As a tribute to the memory of one of the finest sportswriters that this area has seen, Kwame McDonald, I thought I would devote my return column to a sports story of mine that depicts the picture of sports in the past and today.
The story starts back in the 1950s, before the Civil Rights Movement under the leadership of Martin Luther King, Jr. It was when many of the most talented athletes in the country were denied the opportunity to participate in the highest levels of sport because of the color of their skins
Below the Mason-Dixon Line, this denial was accomplished by law. And, with few exceptions, the northern states, by custom, accepted the southern states’ apartheid regulations.
Collegiate athletes therefore were relegated to African American colleges, which were, for the most part, located in the South. And although many of them offered excellent academic programs, few had the funds to offer the scholarships that could entice the most gifted athletes.
It was during that era that I remember watching one of my football teams compete against one if its archrivals, and at half time a White spectator started a conversation. He was simply amazed at the caliber of the athletes.
“If these athletes are ever integrated into our White colleges, as some of your people are agitating for, the South is going to dominate college sports,” he said. “Most of the Black colleges are located in the South, and the natural talent and speed that we are seeing here today would dominate the Notre Dames, the UCLAs, and those other northern schools.”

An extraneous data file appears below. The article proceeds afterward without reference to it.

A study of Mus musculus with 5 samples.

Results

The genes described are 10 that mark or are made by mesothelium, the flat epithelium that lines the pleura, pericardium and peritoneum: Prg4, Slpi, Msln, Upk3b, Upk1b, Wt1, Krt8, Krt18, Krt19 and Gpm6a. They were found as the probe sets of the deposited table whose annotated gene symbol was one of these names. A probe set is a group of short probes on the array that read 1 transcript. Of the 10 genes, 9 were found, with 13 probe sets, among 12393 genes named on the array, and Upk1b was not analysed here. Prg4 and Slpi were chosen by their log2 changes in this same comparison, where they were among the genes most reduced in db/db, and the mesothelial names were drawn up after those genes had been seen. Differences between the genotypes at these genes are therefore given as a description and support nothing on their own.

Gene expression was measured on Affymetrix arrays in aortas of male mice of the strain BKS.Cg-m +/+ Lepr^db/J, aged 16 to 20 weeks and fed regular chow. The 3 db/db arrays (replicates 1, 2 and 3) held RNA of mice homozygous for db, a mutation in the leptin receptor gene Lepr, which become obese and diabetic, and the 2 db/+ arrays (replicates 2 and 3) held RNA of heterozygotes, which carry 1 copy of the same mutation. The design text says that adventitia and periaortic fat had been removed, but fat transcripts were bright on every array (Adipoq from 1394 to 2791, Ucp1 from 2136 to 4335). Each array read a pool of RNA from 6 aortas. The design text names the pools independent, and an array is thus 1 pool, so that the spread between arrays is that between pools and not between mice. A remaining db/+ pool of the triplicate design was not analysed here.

As I listened, I couldn’t help but think how unfair it was that this gentleman could attend our games but we were prohibited by law from attending the White college games because of the mandatory separation of races in the South.
I was forced to re-live that conversation and others of that ilk when the ratings of college football teams came out for the year. Of the top 10 teams rated, seven of them were from colleges of the deep South. Moreover, all of them had a disproportionate number of African American players on their first team.
The number-one and number-two teams in the nation were southern teams — Alabama and LSU. Both of these teams were loaded with Black players, including quarterbacks.
If the old fellow who made those predictions on a cold seat back in Greensboro, NC in 1952 is still alive, I would like to congratulate him for his prediction and insight. But I am sure that he didn’t join the picket lines or sit-ins at Woolworths lunch counters to help make it happen.
When one takes the time to look back, it’s amazing how things change over the years, not only in football and other sports, but in life itself. But there are always seminal moments that lead to those changes. No moment or series of moments could possibly be more important or pivotal than the great Civil Rights Movement and leaders like Dr. Martin Luther King, Jr.
Anyone who lived in the South prior to that time has to be aware of that movement having been the greatest social revolution in the history of this country.
Matthew Little welcomes reader responses to firstname.lastname@example.org.